The negative stern that I guess you prefer, is today almost as classic as a traditional positive stern.
If I retain the present hull shape and cut out for a negative stern, she could look good as well. The aft rods have to come closer to the main sail, which influence the shape and sail area a little.
But the main drawbacks are two, in my opinion. You lose the lazarette space, in this case the tender garage.
Secondly you get a more sensitive stern when reversing towards the quay. This means you have to get your gangway out in advance and more crew will be occupied than otherwise. No big deal, but as a captain I prefer the positive stern.
Some hatches of the Oyster yachts looks beautiful. Or the hatches of the Ed Dubois designs(43 Meter Red Dragon)

Regards René

P.S.: Thanks, for the cross pole graphic: positive-negative stern


I have a pretty good figure on the price tag. It would be around USD 100.000 + sales tax, with a petrol V8 and add 10.000 for a diesel giving the same performance.

This is based on EU production, with hand layed up GRP and a pretty high quality on the interior fittings. Mass produced using vacuum techniques she could probably come down about 25 % i would guess.

I´ll tell you if she comes into production!

I found a transom with the style you like, deep, deep down on my hard drive...
It also has something we can call a hatch, that opens up to the stern garage
/Lars

Here I´ll show you an idea I liked very much at the time (1997). You are however the first to see it since it´s creation!

The yacht is just an ordinary planing flybridge boat, around 70 feet/21 meter.

The extraordinary is that the whole glasswall to the aft deck, including floor and fittings, revolves.
This way you can always prepare the table while your guests are having their drink in the bar. Then it is up to you, or the weather, to decide if you are gonna sit inside or outside to eat! In effect, you have two bars and two dining tables.

In a yacht of this size, the flexibility might have some advantages?

I was reading about Mari-CHA IV, built to be the worlds fastest monohull, on the BIG sail yacht thread. She has two identical rigs, an idea I had in 1993 when I made this concept on a classic schooner with a modern rig. Should look pretty good at the St Tropez sailing week?

Another classic concept I made just recently, is this 150 square-metre so called Skerry Cruiser. The type has a long history in our archipelagos, where boats of this type has been sailing for over a century.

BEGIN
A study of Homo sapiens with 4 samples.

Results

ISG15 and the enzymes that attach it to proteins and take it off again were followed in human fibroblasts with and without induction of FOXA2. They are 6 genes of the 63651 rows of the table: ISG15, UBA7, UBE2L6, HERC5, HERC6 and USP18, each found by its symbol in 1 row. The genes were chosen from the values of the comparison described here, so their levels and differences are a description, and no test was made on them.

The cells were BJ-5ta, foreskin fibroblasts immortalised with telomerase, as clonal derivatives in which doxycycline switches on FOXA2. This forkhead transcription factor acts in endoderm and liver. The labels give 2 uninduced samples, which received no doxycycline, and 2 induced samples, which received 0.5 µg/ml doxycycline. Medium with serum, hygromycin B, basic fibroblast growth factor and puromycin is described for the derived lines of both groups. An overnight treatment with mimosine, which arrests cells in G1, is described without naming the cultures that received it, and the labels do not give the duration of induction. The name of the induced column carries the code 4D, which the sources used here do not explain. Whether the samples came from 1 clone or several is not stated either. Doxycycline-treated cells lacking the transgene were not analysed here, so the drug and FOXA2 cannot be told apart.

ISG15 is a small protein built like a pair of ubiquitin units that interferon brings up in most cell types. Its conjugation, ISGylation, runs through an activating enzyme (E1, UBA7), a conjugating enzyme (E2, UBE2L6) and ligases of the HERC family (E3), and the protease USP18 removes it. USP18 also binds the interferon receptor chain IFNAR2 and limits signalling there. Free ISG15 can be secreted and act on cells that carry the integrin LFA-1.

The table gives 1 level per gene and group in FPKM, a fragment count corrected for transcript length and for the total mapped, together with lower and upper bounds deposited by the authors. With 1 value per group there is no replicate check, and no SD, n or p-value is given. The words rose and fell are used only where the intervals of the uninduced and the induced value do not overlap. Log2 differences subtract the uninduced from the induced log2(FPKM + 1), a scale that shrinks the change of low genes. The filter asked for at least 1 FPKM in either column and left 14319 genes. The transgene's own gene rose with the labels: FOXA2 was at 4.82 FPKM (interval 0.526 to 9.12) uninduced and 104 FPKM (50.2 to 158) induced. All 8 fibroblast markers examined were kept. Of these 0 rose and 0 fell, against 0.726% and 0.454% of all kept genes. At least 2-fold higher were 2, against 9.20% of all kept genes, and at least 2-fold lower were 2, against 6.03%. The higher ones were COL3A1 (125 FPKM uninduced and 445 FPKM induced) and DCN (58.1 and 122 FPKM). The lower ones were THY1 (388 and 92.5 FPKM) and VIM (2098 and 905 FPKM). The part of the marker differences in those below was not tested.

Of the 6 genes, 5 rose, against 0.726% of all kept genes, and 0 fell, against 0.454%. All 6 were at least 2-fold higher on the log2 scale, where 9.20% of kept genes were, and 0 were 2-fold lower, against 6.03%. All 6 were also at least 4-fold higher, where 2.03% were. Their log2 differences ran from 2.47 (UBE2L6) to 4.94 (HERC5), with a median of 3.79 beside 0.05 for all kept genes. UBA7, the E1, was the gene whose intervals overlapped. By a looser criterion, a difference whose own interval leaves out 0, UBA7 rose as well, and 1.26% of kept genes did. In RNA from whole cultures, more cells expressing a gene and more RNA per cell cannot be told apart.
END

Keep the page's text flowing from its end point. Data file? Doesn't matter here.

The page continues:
The Rule covers boats of 15, 22, 25, 30, 40, 55, 75, 95 and 150 sqm and I have made a boat that should, after some calculations, hopefully go into the 150 sqm class. Right now it is just an idea to further develop, but nevertheless an exciting yacht!

René
Originally Posted by René GER
Over a century?...The hull form too? The hull looks like a modern america's cupper!

René
This rule permits any hullshape, so they are all different. In the past they had a gaff rig, but from the thirties they were all converted to bermuda rigs. Today some are again converted back to the gaff rig and I think it could be used on this as well. Especially now when we have high tech composite spars. Remember, this kind of boat is not for offshore sailing and the mainsail area is lifted as high as possible to get good winds in between the islands. Fun sailing

/Lars
I'm glad about more designs from you (Maybe modern sail boats?)

Regards René

OK René,

I appreciate that you like my boats, but I am afraid I don´t have too many sailing boats. But I have one that I made on the same concept as the 95-footer you have seen. But this is only ten meters, Dix in French. I have learned that there is a yacht designer with this name, so excuse me if this should be confusing...

Anyway, Dix is supposed to be a light weight construction and be able to sail pretty fast in all conditions. On the drawing she might look like a meatball, but in the water she will look more like a space ship...

There are a growing number of lakes and inland waterways where traditional powerboats are not allowed. The solution is electric boats and the power can be generated to the batteries by sun cells or fuel cells. In Stockholm a ferry service with biogas/electric propulsion is under development and there are similar concepts elsewhere too.
Since the power is limited, an efficient hull is needed and what is nicer than to look back a hundred years, when the first powerboats were seen.

My boat is designed for a speed range of 8-18 knots, the latter with an optional diesel engine of 75 hp.
It is a dayboat with a convertible dinette, plenty of space to sit underway and a small galley under the sliding glass-top. She has a walkaround deck to starboard for easy entering and to avoid the inside corridor of vintage boats.
With an almost silent propulsion, this is the way to motor. With grace.